Nothing to do with MTV: Samurai Cat in the Real World, by Mark E. Rogers
They say it’s the most wonderful time of the year– and it can be, giving friends and families time to get together and celebrate. But, this comes with a downside, too. Family drama, end of the year stress, and worse. I’m lucky, in that the worst I’ve really had to deal with over the years is … boredom.
This was especially acute many, many years ago, while I was still in high school. My family and I were up in St. Louis for the holiday … which left me internet-less, car-less, and otherwise at loose ends for a good week or so. I might’ve had a Super Nintendo available, at least, but a guy can only play Super Star Wars for so long. But! There happened to be a library within walking distance (one I still had a card to, no less) and so I seized the opportunity to get out of the house. And, it was during one of these trips to the library, I stumbled across Mark E. Rogers’ Samurai Cat books. The covers were bizzare enough to catch my attention, and the books were silly enough to hold it. I quickly tore through the two or three Samurai Cat books the library had in stock, and then made it a point over the next few years to collect all six in the series (a task easier said than done).
And so, in the vaguest of nods to holiday programming, I figured I’d re-read and review Samurai Cat In the Real World. It’s not exactly the first thing that comes to mind when you think of Christmasy media, but in the second chapter, the titular Samurai Cat teams up with Santa Claus to fight Hitler’s army of Nazi Tyrannosaurs. That’s seasonal, right?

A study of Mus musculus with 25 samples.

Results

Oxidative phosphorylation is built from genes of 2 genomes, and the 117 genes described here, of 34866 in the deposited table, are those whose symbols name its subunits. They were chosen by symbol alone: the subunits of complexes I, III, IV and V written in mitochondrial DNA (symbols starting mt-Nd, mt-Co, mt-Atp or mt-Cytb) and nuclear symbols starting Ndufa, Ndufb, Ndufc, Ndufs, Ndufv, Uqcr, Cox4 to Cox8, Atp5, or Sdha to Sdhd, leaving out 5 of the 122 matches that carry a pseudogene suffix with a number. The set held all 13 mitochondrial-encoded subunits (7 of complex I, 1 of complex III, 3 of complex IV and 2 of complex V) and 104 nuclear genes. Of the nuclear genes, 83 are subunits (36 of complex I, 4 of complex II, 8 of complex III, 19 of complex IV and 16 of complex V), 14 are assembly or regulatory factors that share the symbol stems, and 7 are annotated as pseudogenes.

I should probably explain.
Mark E. Rogers’ Samurai Cat books are violent, unhinged, pun-filled parodies of various works of Sci-Fi and Fantasy. They center on Miowara Tomokato, the titular Samurai Cat, who has sworn to avenge the death of his master, Lord Nobunaga. On this loose framework, Tomokato and his gun toting nephew Shiro meander from one ridiculous parody to the next, riffing on everyone from Tolkien to Lovecraft to Dante himself in Samurai Cat Goes to Hell. It’s basically chanbara by way of Looney Tunes. Adding to the silliness is the fact that Rogers illustrates the series as well, adding an extra flair to the mayhem.
Samurai Cat in the Real World consists of three interconnected short stories– the middle one, “Christmas Eve, Berlin, 1944” I’ve mentioned already. It’s preceded by “A Fistful of Scars,” in which Tomokato takes on Al Capone in gangster-era Chicago, and “The Kremlin Litter” in which he fights Stalin, who happens to be a werewolf with a prehensile moustache.
Like I said, the books are pretty silly.
So, after all these years, how does Samurai Cat in the Real World stack up? Well, it’s not exactly high comedy on the level of, say, Pratchett, but I can’t help but admire how brazen Rogers is with his surreal gags and shameless puns. Some of the jokes and references are a little dated, and thus fall flat, but on the other hand, there are plenty of ones that land well (in particular, there’s a running gag about Abbot & Costello that’s referenced in a couple of different ways). It was enough to make me smile, so there’s that. Plus, the book’s not preachy like The Dead, or sleazy like Blood + Pearls, so I’ll probably return to the series in the future.
None of the rest are seasonal, though, so I’ll just have to scatter them throughout the year.